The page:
In pursuit of happiness. Isn’t that what everyone is searching for? The holy grail of human life? Having suffered from postnatal depression and anxiety and having a daughter with anxiety mental health and happiness is something I place a lot of importance on and am always looking for ways to make life the best it can be. Life under the black cloud is miserable and finding ways to smile again is vital. I can’t promise that you will be happy after reading this but hopefully the tips I will share with you can help you on your journey. Happiness is something that people spend so much time seeking and so many don’t find and that’s too tragic to bear thinking about so hopefully these tips will help to lift at least one person’s mood and it will spread from there. I believe that happiness is contagious and you have no idea how far the effect of your good mood can spread. Especially if you couple that with acts of kindness and good deeds.
This weekend at a blogging conference, (BlogOn in Manchester) we had a talk by Jason Todd from The Art of Brilliance and it left me feeling utterly inspired to make changes and take control of my own happiness. A very passionate, down to earth and likeable speaker, he talked about setting goals for your happiness, when you get that new job, when you go on holiday, when you retire, and how if you do that, you are always chasing happiness and never getting there. Especially if retirement is your marker, by the time you get there, if you have the realisation that it’s not making you happy, you’ve wished your whole life away. The goal is to be happy now.
Can you find happiness right now and where you are at this very minute? I like to think you can. A few of the tips that were given to us have stayed with me and I’m trying to implement them at home with my family.
The first is that a hug should last 7 seconds to be really effective. You’re not allowed to count either! It feels really odd at first but Laura from Five Little Doves and I tried it out and it was a really great hug!
The second is that you should smile at everyone that comes within a 10 foot radius of you, and say hi to everyone within 5. That can be weird but this is something that I’ve been doing for a long time already, I fact, I met one of my closest friends because we both smiled at each other on the bus and said hi, if we hadn’t been the type to do that, we would never have had the years of wonderful friendship we have enjoyed. I have learnt that there are different reactions to this charm offensive though, some people look startled and smile back, some avert their eyes and look away and some people give you a huge broad smile back that lifts your day.
The last tip I took away was that the first 4 minutes of any interaction is the most important and sets the tone for the rest of the encounter. How many times have you and your partner launched straight into a competition about who’s day was the hardest when you come back together? I know that I’ve done that so many times. Before I even say hi I launch into a spiel about how terrible ‘your kids’ have been and how awful things are and how exhausted I am. Then he tells me how bad his work was and before we know it, we’ve set the pattern for an evening of being grumpy and moany before going to bed in a huff. Jason’s advice was to start that interaction with a positive, talk about the best things from your day and start it on an upbeat note and see how the evening progresses.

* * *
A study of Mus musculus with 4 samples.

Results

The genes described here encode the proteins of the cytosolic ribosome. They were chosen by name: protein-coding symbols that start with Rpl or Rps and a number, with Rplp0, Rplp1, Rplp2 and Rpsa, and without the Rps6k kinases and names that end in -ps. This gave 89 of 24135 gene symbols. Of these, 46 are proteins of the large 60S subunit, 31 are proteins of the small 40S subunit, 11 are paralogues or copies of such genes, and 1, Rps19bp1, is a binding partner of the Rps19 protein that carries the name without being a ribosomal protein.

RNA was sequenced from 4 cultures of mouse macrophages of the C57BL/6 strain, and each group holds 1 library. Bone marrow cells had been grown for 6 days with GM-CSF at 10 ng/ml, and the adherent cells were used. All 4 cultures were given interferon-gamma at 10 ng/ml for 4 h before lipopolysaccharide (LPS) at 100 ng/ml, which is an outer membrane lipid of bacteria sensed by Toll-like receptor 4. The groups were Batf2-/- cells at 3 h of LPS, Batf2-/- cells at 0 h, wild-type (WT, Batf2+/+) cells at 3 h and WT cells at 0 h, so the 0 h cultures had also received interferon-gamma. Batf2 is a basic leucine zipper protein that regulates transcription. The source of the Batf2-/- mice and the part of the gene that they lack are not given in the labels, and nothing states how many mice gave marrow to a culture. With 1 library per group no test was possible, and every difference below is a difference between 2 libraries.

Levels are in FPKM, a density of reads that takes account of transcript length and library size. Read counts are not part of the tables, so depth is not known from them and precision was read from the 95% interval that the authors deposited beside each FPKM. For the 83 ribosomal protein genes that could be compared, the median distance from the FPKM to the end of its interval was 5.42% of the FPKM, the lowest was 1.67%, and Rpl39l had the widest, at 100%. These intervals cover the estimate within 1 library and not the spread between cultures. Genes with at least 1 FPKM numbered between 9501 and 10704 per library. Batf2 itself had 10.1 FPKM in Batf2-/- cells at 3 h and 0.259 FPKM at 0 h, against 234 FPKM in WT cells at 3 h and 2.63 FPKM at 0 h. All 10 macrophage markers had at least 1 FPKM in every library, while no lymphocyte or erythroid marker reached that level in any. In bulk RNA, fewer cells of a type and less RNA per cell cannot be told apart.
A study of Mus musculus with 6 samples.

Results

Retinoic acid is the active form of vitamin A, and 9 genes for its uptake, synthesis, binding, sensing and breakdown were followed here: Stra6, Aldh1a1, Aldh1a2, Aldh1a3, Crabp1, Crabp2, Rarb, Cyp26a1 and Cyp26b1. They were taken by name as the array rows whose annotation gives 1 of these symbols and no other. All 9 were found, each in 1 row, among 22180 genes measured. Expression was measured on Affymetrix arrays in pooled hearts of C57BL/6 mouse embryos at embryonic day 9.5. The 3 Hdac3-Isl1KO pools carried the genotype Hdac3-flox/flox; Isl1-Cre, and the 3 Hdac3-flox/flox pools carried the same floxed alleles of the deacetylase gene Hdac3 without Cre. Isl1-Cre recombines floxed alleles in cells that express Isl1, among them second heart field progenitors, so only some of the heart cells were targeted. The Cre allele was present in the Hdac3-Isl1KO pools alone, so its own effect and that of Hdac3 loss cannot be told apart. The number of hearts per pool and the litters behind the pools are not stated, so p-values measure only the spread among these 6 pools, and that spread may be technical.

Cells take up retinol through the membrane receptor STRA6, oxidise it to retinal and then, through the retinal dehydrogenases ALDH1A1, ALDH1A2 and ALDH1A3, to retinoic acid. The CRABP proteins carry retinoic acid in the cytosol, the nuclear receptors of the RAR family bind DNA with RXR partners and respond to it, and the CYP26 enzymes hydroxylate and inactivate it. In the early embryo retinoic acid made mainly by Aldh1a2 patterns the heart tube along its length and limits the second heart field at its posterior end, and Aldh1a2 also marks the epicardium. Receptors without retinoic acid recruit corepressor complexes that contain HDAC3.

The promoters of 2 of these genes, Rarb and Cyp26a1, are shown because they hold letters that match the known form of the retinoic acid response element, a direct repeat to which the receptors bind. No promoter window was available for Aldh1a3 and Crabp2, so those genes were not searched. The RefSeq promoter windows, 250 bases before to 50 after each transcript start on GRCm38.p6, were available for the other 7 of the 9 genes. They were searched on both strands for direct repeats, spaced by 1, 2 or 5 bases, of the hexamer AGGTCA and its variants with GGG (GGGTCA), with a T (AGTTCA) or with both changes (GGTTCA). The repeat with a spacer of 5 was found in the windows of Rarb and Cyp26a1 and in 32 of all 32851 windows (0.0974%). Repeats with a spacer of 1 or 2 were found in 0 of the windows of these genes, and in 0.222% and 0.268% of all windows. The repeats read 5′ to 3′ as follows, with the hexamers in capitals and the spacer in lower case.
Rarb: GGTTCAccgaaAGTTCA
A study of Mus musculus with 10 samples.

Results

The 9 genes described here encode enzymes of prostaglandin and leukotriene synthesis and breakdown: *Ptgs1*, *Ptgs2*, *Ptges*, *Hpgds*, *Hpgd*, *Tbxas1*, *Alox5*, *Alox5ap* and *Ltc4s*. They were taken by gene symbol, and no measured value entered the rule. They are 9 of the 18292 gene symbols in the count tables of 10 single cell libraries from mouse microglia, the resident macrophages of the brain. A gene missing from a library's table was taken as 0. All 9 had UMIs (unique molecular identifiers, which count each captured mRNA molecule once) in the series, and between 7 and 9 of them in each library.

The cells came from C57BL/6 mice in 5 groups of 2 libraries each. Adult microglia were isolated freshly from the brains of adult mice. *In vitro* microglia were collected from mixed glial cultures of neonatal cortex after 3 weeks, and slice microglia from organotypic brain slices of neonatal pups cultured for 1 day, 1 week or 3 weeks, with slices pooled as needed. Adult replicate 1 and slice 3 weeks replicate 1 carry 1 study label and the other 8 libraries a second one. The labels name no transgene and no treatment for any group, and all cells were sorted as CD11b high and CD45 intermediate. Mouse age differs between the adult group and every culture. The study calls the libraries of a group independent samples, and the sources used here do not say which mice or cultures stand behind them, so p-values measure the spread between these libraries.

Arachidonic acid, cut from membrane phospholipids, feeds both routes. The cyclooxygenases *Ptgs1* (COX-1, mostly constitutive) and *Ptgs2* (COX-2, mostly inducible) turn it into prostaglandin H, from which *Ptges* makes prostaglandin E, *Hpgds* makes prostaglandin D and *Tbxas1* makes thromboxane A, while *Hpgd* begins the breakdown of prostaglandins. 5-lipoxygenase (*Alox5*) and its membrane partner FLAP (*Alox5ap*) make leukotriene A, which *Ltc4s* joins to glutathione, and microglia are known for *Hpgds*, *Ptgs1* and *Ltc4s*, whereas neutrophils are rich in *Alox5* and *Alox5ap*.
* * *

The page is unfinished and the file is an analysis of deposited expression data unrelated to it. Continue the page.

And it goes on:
The most important thing to me, and the thing that has stayed with me the most was something he said about the first 4 minutes of your interaction with your children. If you greet them from school and go straight off to get changed or check your emails before listening to their day (both things I’ve been guilty of in the past), you are telling them that they are not as important as the other things you need to do. If you take 4 minutes to listen to their day and you talk to them before you go and do the other things, you have reset the interaction and told them that you are interested in what they have to say and that they are important to you.
I am now trying to make our interactions count. In the morning when they wake up, instead of getting up straight away to clean my teeth and go downstairs for breakfast, I am taking time to talk to them and listen to how they are feeling about the day ahead and just connect with them with a cuddle before they venture out into the World. It really seems to be working too. Everyone seems a lot happier.
It sounds really corny but I really feel that the talk has given me a reality check and has helped me to feel that I am in control of my happiness. By making little changes and trying to reset negative habits and behaviours, you can start to lift your own mood, and subsequently, others around you. If you get the chance, I would really recommend going to one of Jason’s talks, there is a brilliant Festival of Happiness in Manchester on June the 2nd that he will be at, find out more here.